Apps like Signal are proving invaluable in these days of unrest, and anything we can do to simplify and secure the way we share sensitive information is welcome. To that end Signal has added the ability to blur faces in photos sent via the app, making it easy to protect someone’s identity without leaving any trace on other, less secure apps.
After noting Signal’s support of the protests occurring all over the world right now against police brutality, the company’s founder Moxie Marlinspike writes in a blog post that “We’ve also been working to figure out additional ways we can support everyone in the street right now. One immediate thing seems clear: 2020 is a pretty good year to cover your face.”
Fortunately there are perfectly good tools out there both to find faces in photographs and to blur imagery (presumably irreversibly, given Signal’s past attention to detail in these matters, but the company has not returned request for comment). Put them together and boom, a new feature that lets you blur all the faces in a photo with a single tap.
This is helpful for the many users of Signal who use it to send sensitive information, including photos where someone might rather not be identifiable. Normally one would blur the face in another photo editor app, which is simple enough but not necessarily secure. Some editing apps, for instance, host computation-intensive processes on cloud infrastructure and may retain a copy of a photo being edited there — and who knows what their privacy or law enforcement policy may be?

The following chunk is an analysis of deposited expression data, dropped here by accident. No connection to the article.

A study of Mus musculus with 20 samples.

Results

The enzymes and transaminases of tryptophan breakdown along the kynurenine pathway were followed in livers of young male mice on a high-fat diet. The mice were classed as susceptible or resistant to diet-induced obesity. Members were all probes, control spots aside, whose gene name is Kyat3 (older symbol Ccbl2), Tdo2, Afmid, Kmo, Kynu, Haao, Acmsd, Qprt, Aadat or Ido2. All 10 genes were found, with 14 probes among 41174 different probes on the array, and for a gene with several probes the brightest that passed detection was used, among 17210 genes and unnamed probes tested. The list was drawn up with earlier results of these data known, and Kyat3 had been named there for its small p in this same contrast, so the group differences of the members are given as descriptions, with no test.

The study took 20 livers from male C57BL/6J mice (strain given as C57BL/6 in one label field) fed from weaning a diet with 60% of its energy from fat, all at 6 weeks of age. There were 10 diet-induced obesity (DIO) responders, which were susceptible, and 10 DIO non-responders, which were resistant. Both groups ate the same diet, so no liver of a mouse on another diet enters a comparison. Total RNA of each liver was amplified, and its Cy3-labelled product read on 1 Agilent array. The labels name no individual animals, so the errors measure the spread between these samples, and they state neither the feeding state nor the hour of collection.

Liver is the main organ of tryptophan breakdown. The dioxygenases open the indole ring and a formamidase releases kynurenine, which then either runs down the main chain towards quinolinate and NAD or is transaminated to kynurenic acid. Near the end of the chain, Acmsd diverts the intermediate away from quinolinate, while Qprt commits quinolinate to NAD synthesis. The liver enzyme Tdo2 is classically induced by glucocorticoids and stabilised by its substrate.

If it’s sensitive at all, it’s better to keep everything on your phone and in apps you trust. And Signal is among the few apps trusted by the justifiably paranoid.
All face detection and blurring takes place on your phone, Marlinspike wrote. But he warned that the face detection isn’t 100 percent reliable, so be ready to manually draw or expand blur regions in case someone isn’t detected.
The new feature should appear in the latest versions of the app as soon as those are approved by Google and Apple.
Lastly Marlinspike wrote that the company is planning “distributing versatile face coverings to the community free of charge”; the picture shows a neck gaiter like those sold for warmth and face protection. Something to look forward to, then.